Turkey: S-400 purchase shouldn't trigger US sanctions

Turkey’s Defense Minister says his country’s purchase of Russian air defense missile system should not trigger US sanctions.

Elad Benari,

S-400 surface-to-air missile system
S-400 surface-to-air missile system
Reuters

Turkey’s Defense Minister Hulusi Akar said on Monday that his country’s purchase of a Russian air defense missile system should not trigger US sanctions, Reuters reported.

He explained that sanctions are not necessary because Ankara is not an adversary of Washington and remains committed to the NATO alliance.

Speaking at a US-Turkey conference in Washington as tensions mount between the two NATO allies over Ankara’s plan to buy the Russian S-400 missile system, Akar adopted a relatively conciliatory tone and urged that issues be resolved through dialogue.

“Turkey is clearly not an adversary of the United States,” Akar stressed, adding that its procurement of the S-400 system should not therefore be considered within the scope of US sanctions designed to target America’s enemies.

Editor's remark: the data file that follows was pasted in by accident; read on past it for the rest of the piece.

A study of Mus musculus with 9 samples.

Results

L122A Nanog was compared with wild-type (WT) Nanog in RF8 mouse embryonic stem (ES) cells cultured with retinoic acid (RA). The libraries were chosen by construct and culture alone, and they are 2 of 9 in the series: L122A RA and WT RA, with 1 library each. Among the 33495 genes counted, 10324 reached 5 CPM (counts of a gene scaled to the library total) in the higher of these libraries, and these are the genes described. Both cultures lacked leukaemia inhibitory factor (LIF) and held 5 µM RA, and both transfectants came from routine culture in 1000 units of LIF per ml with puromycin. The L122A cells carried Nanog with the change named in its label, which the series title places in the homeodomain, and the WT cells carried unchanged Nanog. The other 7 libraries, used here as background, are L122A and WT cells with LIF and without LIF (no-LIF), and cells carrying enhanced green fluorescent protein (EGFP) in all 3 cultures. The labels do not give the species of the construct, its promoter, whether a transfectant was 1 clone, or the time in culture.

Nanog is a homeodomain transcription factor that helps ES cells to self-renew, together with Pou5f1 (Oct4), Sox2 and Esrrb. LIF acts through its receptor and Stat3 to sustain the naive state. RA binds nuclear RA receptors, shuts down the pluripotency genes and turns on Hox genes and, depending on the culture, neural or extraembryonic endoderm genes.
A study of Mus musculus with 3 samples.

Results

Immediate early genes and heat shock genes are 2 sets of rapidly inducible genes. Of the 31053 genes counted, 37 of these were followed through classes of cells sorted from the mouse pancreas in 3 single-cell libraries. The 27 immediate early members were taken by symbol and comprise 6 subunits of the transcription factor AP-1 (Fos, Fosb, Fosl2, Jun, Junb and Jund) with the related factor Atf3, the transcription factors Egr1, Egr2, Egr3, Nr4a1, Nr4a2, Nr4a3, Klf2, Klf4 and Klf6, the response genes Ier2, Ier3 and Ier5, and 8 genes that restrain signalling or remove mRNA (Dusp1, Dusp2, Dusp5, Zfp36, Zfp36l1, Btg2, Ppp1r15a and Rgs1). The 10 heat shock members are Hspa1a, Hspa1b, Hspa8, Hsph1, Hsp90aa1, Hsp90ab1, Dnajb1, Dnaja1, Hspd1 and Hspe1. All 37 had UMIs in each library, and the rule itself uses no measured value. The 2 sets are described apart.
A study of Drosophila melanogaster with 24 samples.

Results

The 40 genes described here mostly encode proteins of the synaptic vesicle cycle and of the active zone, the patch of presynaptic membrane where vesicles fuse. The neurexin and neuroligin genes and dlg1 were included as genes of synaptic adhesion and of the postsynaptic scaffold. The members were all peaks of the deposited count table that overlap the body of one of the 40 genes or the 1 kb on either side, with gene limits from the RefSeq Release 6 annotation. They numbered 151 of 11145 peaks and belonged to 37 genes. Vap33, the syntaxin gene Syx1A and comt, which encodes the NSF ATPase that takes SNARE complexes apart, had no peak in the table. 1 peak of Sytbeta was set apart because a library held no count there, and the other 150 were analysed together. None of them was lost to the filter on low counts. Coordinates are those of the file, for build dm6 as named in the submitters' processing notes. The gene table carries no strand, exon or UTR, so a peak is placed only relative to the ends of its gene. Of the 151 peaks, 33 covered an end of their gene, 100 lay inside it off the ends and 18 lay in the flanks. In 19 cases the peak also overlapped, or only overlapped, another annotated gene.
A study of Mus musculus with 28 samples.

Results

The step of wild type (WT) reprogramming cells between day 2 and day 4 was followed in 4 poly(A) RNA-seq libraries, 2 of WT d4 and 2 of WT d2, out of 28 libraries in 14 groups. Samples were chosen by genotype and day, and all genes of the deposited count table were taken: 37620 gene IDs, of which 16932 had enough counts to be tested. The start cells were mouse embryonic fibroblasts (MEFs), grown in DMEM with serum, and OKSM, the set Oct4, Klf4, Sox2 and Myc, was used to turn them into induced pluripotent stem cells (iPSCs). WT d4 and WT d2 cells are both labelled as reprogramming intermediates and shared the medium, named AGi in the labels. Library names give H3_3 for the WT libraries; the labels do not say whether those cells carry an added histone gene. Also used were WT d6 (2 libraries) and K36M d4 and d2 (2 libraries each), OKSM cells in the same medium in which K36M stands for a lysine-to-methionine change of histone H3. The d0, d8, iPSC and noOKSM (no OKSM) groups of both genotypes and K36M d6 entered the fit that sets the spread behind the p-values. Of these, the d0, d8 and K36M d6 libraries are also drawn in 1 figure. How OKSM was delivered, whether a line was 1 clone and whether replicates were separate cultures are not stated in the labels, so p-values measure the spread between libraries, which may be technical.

The US believes the S-400 sale is part of Russian efforts to disrupt the alliance amid Western concern over Erdogan's burgeoning relationship with Russian President Vladimir Putin.

US officials said earlier this month that Washington had stopped delivery of F-35 fighter jet parts to Turkey in response to Ankara's decision to move ahead with the purchase of the Russian surface-to-air missile system.

Turkish officials insist that the deal to purchase the S-400 does not affect the security of the US and have stressed that they will go ahead with the deal despite Washington’s objections.

US Secretary of State Mike Pompeo said last week that Washington had told Ankara it could face retribution for buying the S-400s under a sanctions law known as Countering America’s Adversaries Through Sanctions Act (CATSAA).

“This procurement decision does not signify a change in Turkey’s course. I’d like to reiterate strongly that there is no change in Turkey’s commitment to NATO,” Akar said Monday, according to Reuters.

Turkish President Recep Tayyip Erdogan has refused to back down from Ankara’s planned purchase of the Russian S-400 missile defense system the United States has said would compromise the security of F-35 aircraft, made by Lockheed Martin Corp.

Turkey has said it will take delivery of the S-400s in July though Erdogan suggested last week that the delivery could be earlier than initially planned.